Saturday, October 01, 2005

On October 1st in military 331 BC

On 1st October in military history….in 331 BC. Alexander the Great of Macedonia defeats King Darius III of Persia at the Battle of Gaugamela. After crossing the Hellespont (the Dardanelles) in 334 BC and his defeats of Persian armies at the Battle of the Granicus River in May, 334 BC and the Battle of Issus in October, 333 BC, Alexander the Great spent the next two years occupying the eastern Mediterranean coast and Egypt. In 331 BC, he started advancing thru Syria toward the heart of the Persian Empire along the valleys of the Tigris and Euphrates rivers. During all this time, Darius had spent his time rebuilding his forces that he had lost at the Battle of Issus and planning for a final decisive fight with Alexander which would destroy the Macedonian. He had assembled an army (estimated around 220,000 men) which was much larger than Alexander’s. However, it was composed of mostly lightly armed infantry forces common to Persian armies. However, he did have around 200 "scythed war chariots" (a favorite weapon in Persia where the land was flat) and his cavalry forces more that outnumbered Alexander’s. Darius wanted a place where he could fight the Macedonians on his terms and where his superiority in cavalry and war chariots could be used to their fullest. He selected a flat plain (an area east of Mosul in modern Iraq) where he would wait for Alexander. To maximize his war chariots effectiveness, he ordered that brush and other vegetation be removed from the battlefield (some say that he even leveled the terrain) before the battle.

Alexander’s forces numbered around 40,000 infantry and 7,000 cavalry. However, Alexander’s forces were comprised of more heavily armed Greek hoplite infantry and Macedonian phalanxes. Alexander organized himself in a line with his general Parmenion commanding on the left flank, himself commanding on the right and phalanx infantry in the center. Due the size of the forces facing him, he would not be able to match the broad lines of Persian infantry and cavalry facing him and would most probably be out-flanked on either one or both wings. Anticipating this, he formed another line of phalanx infantry behind the first, a "double phalanx" with the instructions that the second line was to turn around if out-flanked by the Persians. Both his flanks were protected by lightly armed forces.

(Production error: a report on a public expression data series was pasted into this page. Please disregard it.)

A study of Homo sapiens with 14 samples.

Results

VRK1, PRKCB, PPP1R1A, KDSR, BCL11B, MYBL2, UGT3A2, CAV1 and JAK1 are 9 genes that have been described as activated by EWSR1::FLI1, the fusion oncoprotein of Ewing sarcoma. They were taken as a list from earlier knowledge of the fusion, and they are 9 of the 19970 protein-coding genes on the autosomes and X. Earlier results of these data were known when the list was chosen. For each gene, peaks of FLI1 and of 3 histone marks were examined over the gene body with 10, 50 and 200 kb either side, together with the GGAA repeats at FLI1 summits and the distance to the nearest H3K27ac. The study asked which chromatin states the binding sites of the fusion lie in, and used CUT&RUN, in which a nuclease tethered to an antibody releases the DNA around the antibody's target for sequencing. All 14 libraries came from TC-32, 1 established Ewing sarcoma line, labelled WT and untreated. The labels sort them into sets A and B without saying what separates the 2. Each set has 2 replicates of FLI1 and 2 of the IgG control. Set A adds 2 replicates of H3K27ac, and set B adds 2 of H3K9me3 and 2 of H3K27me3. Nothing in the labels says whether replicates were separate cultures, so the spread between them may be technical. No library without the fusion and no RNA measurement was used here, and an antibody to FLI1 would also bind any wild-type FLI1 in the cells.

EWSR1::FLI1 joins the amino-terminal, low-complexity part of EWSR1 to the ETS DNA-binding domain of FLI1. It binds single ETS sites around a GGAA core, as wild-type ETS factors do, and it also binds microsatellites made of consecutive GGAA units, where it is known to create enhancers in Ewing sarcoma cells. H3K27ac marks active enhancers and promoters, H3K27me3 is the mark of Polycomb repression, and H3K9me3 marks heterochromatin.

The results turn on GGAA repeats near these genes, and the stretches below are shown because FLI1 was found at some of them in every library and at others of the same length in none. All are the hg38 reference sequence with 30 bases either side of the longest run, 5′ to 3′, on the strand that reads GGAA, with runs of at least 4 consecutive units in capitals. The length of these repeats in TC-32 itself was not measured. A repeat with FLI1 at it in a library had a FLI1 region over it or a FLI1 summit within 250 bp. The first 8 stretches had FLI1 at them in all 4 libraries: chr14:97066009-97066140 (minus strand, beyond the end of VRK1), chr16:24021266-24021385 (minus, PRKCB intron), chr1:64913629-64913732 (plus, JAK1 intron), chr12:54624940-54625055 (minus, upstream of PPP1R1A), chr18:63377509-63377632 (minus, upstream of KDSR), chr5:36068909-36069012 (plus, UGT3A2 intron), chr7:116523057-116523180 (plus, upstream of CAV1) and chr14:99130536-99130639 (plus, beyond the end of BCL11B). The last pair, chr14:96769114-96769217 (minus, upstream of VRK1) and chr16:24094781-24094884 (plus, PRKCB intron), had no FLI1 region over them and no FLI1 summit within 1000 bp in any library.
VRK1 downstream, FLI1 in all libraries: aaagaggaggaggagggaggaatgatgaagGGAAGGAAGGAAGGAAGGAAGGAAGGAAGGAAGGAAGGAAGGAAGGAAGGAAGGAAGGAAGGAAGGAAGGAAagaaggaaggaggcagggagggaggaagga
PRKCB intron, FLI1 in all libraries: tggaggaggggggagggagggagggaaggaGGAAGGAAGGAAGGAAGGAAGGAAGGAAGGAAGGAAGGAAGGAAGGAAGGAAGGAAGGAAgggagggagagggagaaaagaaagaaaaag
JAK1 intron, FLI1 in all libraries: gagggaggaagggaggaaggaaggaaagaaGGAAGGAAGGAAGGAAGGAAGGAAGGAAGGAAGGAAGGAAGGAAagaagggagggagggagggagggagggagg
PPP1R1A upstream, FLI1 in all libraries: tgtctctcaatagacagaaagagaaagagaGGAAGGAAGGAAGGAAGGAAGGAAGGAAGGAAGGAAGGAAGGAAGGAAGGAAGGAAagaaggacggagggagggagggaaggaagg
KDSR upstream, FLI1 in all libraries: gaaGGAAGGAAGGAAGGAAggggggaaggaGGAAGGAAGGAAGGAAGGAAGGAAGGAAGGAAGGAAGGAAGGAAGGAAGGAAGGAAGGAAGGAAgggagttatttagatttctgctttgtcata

When the battle started, Alexander’s forces started advancing towards the Persian line, across the prepared battlefield just as Darius had planned. However, as the Macedonian forces started to moving farther into the trap laid for them, they abruptly stopped moving forward and started moving to the right (a sort-of "right oblique"). This oblique movement started moving Alexander’s forces out of prepared ground where Darius hoped to use his war chariots. Faced with a "use it or lose it" situation, Darius ordered his chariots to attack. A nasty little secret about war chariots was that although they could wreck havoc on a battlefield, they couldn’t change directions very easily and being pulled by horses, the horses tended to avoid sharp, pointy objects like walls of spears. So once a chariot got going, it was pretty well stuck in a straight line until it could slow down enough to turn. Alexander had anticipated this and had ordered gaps to open up in his lines to allow the chariots to pass thru. However, as the chariots passed thru the lines, the drivers of the chariots were attacked from the sides and killed, thereby negating the chariot’s advantages.

Darius sent his cavalry forces to encircle Alexander’s flanks, but Alexander’s forces were able to stop the encircling attacks. After awhile, Alexander’s slow rightward movement threatened to outflank Darius’ left flank, so to counter this, he ordered more of his cavalry to encircle the Alexander’s right flank. However, the cavalry protecting Alexander’s right flank was able to stop these attacks.

As more and more of Darius cavalry was committed to encircle Alexander’s right flank, a gap started to open in the line where the main Persian forces were connected with the flanking cavalry. Alexander stopped his rightward movement and turned back toward the Persian forces. Because of his rightward movement, when Alexander turned toward the Persian line, he was much closer than he normally would have been allowed to be. At this moment, the heavier Macedonian forces hit the lighter-armed Persian forces and naturally, the Persians started to give ground. Alexander and his elite Companion cavalry attacked at the gap, splitting Darius’ forces in the center from his left flank. As the Persian left flank started to disintegrate, Alexander wheeled his forces around and headed directly for Darius. The Persian center started to come apart and Darius decided that it was better "run way to live and fight another day". Estimates of casualties are that Alexander’s forces lost 10,000 killed and wounded while the Persians lost 140,000 killed and wounded. (Ed. In ancient warfare, it was very easy for the losing side to loose many more men than the victorious side due to the dynamics of masses of men being panicked. The same effect can be seen when crowds of people panic and people are trampled to death at sporting events, etc.)

King Darius later escaped to Arbil (modern Erbil) and was later killed by Bessus, one of his generals who by coincidence, was also the commander of his left flank during the battle. Alexander was crowned "King of Asia".